Purcell Mountains Rock Climbing
|GPS:||50.178, -116.563 Google Map · Climbing Map|
|Shared By:||Ken Trout on Dec 13, 2010|
The Dogtooth Range forms the northern extremity of the Purcell range. No good rock climbing has ever been found (Putnam, 1972).
Just south is the Spillamacheen Range with peaks that have glaciers and huts but the rock is still of no interest to climbers.
Next, are the Hatteras and Crystalline groups. These peaks are mostly sedimentary but there are more glaciers and some technical difficulties. Sugarplum Spire (9,640ft) is the rock climber's prize for the northernmost Purcell Mountains. The 1954 first ascent party reported at least six pitches and thought: "...nearly as difficult as Bugaboo Spire." IMHO, satellite images indicate that Sugar Plum is not anywhere near as impressive as Bugaboo.
Not much serious rock climbing has been done in the Conrad Group, yet. The peaks are capped by the most extensive glaciers of the PurcellMountains.
Mount Conrad is the highest (10,670ft/3,276m). The ski glacier on the north side of Conrad is contrasted by a huge and probably unclimbed south face. Even better are the peaks south of Mount MacCarthy. Easily seen across East Creek from the west side of the Howser Towers is a ridge of granitic peaks called the Climbing Ridge. Putnam reported three peaks with ascents and names.
Just west is Mount Stone. Stone's two mile long, knife-edged, south ridge can be viewed from the Howsers too. Although competent ski guides and grade VI wall climbers have been looking at this ridge for many decades, I've not found anyone admitting to doing this traverse.
Just north of Bugaboo Spire and across the Vowell Glacier, are the granitic peaks of the Vowell Group. A lot of rock climbing has been documented on the walls, ridges, and technical summits of the Vowells .
The Bugaboo Group is the most popular and well documented.
Southwest of the Bugaboos, on the edge of the Duncan-Beaver Trench are the remote Four Squatters Group.
The next group of granitic summits south of the Bugaboos are the Irish Peaks of the Taurus Group.
A little further south, and about 30 kilometers west of Invermere, the highest peak of the Purcells is Mount Farnham (3,493m/11,343'). On the shoulder of Mount Farnham is Farnham Tower; a technical summit of good quartzite perched on a high ridge of bad shusswap rock.
Just southwest of Mount Farnham is site of proposed Jumbo Mountain Resort , soon to be perched atop the Commander Group. The Lake of the Hanging Glaciers is a scenic highlight. Not much good rock climbing here but plenty of mountaineering. Hunter S Thompson once warned us to never confuse the sport of skiing with the industry. Not everyone got the memo. Thanks to Patagonia and friends for the heads up on Jumbo Mountain!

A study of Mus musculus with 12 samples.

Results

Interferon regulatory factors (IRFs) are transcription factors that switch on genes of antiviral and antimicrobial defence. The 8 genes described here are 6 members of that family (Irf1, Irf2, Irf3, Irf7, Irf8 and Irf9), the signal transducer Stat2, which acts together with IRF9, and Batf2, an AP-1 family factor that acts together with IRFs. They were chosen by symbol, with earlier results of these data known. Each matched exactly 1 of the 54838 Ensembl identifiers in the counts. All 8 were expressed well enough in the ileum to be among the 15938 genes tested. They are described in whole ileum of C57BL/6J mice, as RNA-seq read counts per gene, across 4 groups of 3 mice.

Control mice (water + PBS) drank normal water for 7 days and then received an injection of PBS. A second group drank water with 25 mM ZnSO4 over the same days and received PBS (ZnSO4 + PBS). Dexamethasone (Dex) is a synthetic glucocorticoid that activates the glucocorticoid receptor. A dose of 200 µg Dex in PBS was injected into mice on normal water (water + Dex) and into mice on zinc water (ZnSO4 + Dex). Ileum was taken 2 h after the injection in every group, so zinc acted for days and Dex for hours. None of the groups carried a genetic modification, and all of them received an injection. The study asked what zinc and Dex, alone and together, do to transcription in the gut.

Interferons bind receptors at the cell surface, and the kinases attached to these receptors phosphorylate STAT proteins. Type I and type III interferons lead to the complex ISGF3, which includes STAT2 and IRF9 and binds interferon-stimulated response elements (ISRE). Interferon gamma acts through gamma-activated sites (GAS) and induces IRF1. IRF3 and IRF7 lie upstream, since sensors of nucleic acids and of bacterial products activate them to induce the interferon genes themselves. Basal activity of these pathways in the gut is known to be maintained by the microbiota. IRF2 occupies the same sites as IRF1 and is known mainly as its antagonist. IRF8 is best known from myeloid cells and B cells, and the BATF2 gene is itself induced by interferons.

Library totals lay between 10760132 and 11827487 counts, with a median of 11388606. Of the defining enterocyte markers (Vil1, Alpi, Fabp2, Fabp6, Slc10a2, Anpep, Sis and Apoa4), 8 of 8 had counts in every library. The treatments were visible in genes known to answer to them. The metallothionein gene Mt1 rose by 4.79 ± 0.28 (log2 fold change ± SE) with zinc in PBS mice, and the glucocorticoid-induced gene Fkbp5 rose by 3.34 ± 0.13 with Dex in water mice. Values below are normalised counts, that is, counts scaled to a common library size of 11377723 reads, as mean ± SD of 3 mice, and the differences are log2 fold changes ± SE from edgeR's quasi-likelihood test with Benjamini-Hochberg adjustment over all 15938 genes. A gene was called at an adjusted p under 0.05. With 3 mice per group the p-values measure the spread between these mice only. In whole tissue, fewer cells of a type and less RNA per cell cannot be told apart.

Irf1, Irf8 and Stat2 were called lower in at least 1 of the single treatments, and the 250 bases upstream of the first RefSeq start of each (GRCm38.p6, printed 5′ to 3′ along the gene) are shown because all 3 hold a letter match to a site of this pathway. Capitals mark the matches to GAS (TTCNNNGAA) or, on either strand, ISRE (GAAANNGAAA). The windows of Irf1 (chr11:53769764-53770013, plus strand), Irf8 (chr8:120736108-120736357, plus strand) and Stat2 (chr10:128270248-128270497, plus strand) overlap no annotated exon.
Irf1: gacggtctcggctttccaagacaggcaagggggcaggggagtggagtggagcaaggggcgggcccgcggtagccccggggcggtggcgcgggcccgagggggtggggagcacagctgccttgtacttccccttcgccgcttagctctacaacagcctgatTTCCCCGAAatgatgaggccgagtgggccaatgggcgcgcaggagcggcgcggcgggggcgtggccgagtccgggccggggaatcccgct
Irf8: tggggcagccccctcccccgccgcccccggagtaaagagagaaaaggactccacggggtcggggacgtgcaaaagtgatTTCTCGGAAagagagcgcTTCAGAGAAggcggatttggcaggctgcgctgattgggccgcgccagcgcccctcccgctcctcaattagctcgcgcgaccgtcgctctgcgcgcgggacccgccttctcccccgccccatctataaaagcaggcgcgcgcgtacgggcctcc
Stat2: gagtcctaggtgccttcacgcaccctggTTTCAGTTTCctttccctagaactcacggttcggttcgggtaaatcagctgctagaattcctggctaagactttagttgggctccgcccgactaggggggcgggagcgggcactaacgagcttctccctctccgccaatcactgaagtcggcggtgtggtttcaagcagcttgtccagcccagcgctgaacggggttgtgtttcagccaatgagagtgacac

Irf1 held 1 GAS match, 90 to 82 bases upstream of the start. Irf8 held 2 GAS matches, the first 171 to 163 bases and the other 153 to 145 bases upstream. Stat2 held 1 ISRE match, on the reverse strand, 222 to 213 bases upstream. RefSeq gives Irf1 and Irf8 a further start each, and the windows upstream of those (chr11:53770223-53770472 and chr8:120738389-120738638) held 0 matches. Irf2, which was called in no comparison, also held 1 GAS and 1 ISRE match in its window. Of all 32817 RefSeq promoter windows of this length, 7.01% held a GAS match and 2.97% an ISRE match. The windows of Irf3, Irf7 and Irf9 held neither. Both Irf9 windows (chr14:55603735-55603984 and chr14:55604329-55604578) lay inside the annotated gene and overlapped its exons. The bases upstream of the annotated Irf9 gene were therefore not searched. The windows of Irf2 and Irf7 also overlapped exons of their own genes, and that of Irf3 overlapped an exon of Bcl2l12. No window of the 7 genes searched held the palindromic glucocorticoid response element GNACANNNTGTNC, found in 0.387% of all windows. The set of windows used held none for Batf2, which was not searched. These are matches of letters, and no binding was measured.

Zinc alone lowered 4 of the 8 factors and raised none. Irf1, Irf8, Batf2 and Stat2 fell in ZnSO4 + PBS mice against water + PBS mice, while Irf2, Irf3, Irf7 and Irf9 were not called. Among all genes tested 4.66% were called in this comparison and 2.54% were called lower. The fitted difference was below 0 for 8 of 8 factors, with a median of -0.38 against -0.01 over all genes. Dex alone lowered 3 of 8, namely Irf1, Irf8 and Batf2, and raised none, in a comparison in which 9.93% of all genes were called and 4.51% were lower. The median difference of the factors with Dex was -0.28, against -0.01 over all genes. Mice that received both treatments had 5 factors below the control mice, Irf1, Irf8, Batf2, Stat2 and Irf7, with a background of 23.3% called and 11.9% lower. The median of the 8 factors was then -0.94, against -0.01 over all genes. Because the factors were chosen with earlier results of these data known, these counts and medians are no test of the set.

Protected in the Purcell Wilderness Conservancy is the Toby Group. Big glaciers and peaks can happily be accessed by the Earl Grey Pass trail system (7,475ft/2,243m). This trail is the most civilized way to hike across the width of the Purcell range (five cable car crossings over Hamill Creek). Mount Hamill (10,640ft/3,243m) and Mount Toby (10,572ft/3,212m) are the highest peaks.
The next group south along the crest is The Findlay Group; perhaps the most remote of the granitic peaks. Mount Findlay (10,374ft/3,162m) is the highest in the group. Other peaks of the Granite Creek cirque with rock climbing potential are Mount Lees and Mount Clutterbuck.
The fabulous Leaning Towers are deep in the Purcell Wilderness Conservancy Parks.
The southern most proven alpine rock climbing in the Purcell Mountains is found in the St Mary's Lakes Alpine Park. Fred Beckey, Art Twomey, and others have found easy access but not great rock.
LOWLAND CRAGS OF THE PURCELL RANGE
The valley containing the official headwaters of the Columbia River is mostly filled with unclimbable glacial till. On the west side, the Beaver-Duncan, and Kootenay Lake trenches are still a rock climbing unknown. But a few pieces of solid bedrock, mostly in the eastern foothills, have been found and developed.
Just a bit north of the road into the Bugaboos, there is a convenient dolomite cragging area called Spillamacheen.
A bit south of Cranbrook, some good sport climbing has been developed at Moyie Canyon. No one has posted any beta for Moyie on Mountain Project (yet, 2015). The link should take the curious to rockclimbing.com.
Lakit Lake is a well developed lowland sport climbing area west of Cranbrook. This crag is actually in the Canadian Rockies but a convenient respite for climbers visiting the Purcells.
Stone Hill, Montana, has a good supply of truly roadside climbs on excellent quartzite. Stone Hill is located along Montana Highway 37, on the east side of Lake Koocanusa. Some of the routes are on the margin of the busy road, others are less exposed to the noise and traffic.
Classic Climbing Routes at Purcell Mountains
Mountain Project's determination of the classic, most popular, highest rated climbing routes in this area.